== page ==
Get more gigabytes for your money as broadband tumbles

Broadband prices have fallen so sharply you can save money and speed up your service, says David Prosser

he cost of broadband internet access has fallen by almost a third over the past 12 months and prices are still falling. Price comparison service Uswitch says the average standard broadband deal cost £23 a month last March - today it is down to just £16.50.

The reductions mean that for those without internet access - or those who still have slow dial-up services - broadband has never been more affordable. And if you've already signed up to a deal, by switching, you may be able to save money and improve the quality of your broadband access.

The advantage of a broadband connection over dial-up services is speed. Your internet access will be at least 10 times faster, plus you're always connected, and the link does not tie up your home phone line.

The good news is that broadband is getting faster. A year ago, the standard service was 512Kbps (kilobits per second). Today's basic packages are generally at least twice as fast, at 1Mbps (megabit per second). Connection speeds of 8Mb are widely available, though not all telephone exchanges have yet been equipped to deliver broadband providers' fastest services.

Broadly speaking, there are three types of broadband service available, though bundled packages (see story right) are also worth considering.

First, if you're only a moderate internet user, a standard 1mb connection should be fine. At this speed, websites will appear almost instantly, but downloading music or video files may take slightly longer.

Second, there are premium services. Neil Hodges, of the price-comparison service Simply Switch, says: "If you're a heavier internet user, you may need to pay a little more in order to get a speedier service." Paying a premium for a 2Mb, 4Mb or 8Mb service will cut down on waiting time if you download a lot of large data files. It should also improve your online gaming experience, if that's what you use the internet for.

The third issue to consider is how much you download. Most basic packages set a monthly limit - one or two gigabytes is typical. Each web-page that you call up counts towards that limit, though simply surfing won't get you anywhere near a breach. Regularly downloading large files, however, will eat up capacity and you may need more.

Broadband providers charge more for extra download capacity, but unlimited deals are not prohibitively expensive. Just think carefully about what you need. Although BT has just announced a crackdown on those users who regularly go over their contracted download limits, most providers will not penalise a few occasional breaches.

"The people who genuinely need speed are also the ones most likely to be heavy downloaders," says Hodges. But pick a broadband deal that best fits your profile as an internet user.

There are some hidden costs to watch out for. Before signing up for a deal, check whether there are any upfront charges to pay in addition to the monthly subscription. 4D Internet's unlimited download deal, for example, is competitively priced at £29.99 a month, but comes with a £70.50 connection fee.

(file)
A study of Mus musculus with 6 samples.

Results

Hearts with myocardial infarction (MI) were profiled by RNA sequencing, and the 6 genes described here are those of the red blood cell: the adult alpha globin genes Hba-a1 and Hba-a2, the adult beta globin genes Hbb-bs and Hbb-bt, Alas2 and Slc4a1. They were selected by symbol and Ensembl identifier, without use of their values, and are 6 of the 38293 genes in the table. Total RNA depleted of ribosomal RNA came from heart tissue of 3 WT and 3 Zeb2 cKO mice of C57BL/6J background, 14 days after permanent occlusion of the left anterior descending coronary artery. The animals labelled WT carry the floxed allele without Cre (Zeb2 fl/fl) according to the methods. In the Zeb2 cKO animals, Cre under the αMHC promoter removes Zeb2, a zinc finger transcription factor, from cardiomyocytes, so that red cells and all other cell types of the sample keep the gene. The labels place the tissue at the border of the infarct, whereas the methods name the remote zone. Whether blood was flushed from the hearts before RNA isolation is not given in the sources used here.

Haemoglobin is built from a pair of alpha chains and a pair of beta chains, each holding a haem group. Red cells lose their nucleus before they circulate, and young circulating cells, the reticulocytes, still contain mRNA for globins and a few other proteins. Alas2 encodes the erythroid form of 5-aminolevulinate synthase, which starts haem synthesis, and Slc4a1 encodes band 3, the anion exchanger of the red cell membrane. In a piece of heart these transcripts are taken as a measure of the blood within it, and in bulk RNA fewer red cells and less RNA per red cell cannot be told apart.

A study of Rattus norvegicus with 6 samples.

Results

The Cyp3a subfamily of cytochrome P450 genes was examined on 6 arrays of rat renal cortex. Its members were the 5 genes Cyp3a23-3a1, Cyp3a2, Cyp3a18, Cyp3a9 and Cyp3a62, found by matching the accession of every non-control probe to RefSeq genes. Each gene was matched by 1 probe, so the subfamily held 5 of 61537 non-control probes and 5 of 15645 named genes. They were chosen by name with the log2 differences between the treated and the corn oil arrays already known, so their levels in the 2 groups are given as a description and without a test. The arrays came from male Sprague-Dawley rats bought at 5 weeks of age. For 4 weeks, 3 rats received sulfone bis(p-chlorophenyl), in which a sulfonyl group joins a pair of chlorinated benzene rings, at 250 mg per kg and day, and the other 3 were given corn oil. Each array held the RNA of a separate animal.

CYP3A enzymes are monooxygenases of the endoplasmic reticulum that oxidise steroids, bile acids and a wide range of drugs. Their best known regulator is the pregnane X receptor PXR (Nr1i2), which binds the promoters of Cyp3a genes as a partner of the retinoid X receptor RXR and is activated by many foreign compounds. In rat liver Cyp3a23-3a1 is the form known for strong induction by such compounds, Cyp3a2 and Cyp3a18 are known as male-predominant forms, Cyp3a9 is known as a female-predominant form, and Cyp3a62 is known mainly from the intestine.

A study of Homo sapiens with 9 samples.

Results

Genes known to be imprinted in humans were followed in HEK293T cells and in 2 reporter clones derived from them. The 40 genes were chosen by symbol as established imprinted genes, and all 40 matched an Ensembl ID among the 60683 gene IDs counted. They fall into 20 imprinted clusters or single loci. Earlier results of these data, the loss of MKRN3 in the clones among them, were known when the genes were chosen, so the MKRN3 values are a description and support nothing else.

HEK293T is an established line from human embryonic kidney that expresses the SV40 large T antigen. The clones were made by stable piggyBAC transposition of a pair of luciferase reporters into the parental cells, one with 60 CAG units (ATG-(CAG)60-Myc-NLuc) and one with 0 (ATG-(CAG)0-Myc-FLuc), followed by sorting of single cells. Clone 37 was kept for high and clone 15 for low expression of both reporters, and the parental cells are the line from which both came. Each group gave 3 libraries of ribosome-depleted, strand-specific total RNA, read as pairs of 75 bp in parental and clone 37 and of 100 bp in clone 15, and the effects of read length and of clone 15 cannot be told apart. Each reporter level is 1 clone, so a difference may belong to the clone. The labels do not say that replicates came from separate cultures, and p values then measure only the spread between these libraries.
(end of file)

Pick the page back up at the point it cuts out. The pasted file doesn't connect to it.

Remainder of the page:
Sometimes, it may be worth paying such fees. If you're signing up for a 12-month contract, check the total amount you'll pay over the year, rather than focusing purely on connection charges or monthly fees.

Also, check on the price of technical support. Broadband suppliers provide a telephone hotline you can call if you have any problems - most charge national rates, but some are premium-rate. Toucan, for example, charges 30p a minute for calls to its support line, and costs will mount up quickly if you do have problems.

Finally, note that the majority of broadband providers now require you to sign up for 12 months. If you want to get out of the contract earlier, you'll have to pay penalty charges. It's not a problem signing a year-long contract as long as you're aware of the commitment you have made. And suppliers offering one-month contracts - including Virgin and Plusnet - are rarely the absolute cheapest broadband providers.

Bundles of savings for doubling up

* Some of the cheapest deals on broadband are available from suppliers offering bundled packages, with internet access and a home phone service for one price. Cable & Wireless's Bulldog service, for example, offers broadband at a speed of up to 8Mb for just £9.75 a month, but you also have to sign up to its phone line, for £10.50 a month.

* Chris Williams, of the price-comparison service Uswitch, says these deals are definitely worth considering. "The risk is that by getting a cheap deal on broadband you'll be paying over the odds for your phone service, but most bundled packages are pretty competitive on both," he says. "You might get a slightly cheaper deal by finding the cheapest phone and internet providers separately, but many people are happy to pay slightly more for the convenience of a single package."

* Home-phone users with a standard deal from BT are likely to be able to save money on their phone costs by switching to a bundled broadband deal - and they don't need to change their phone number.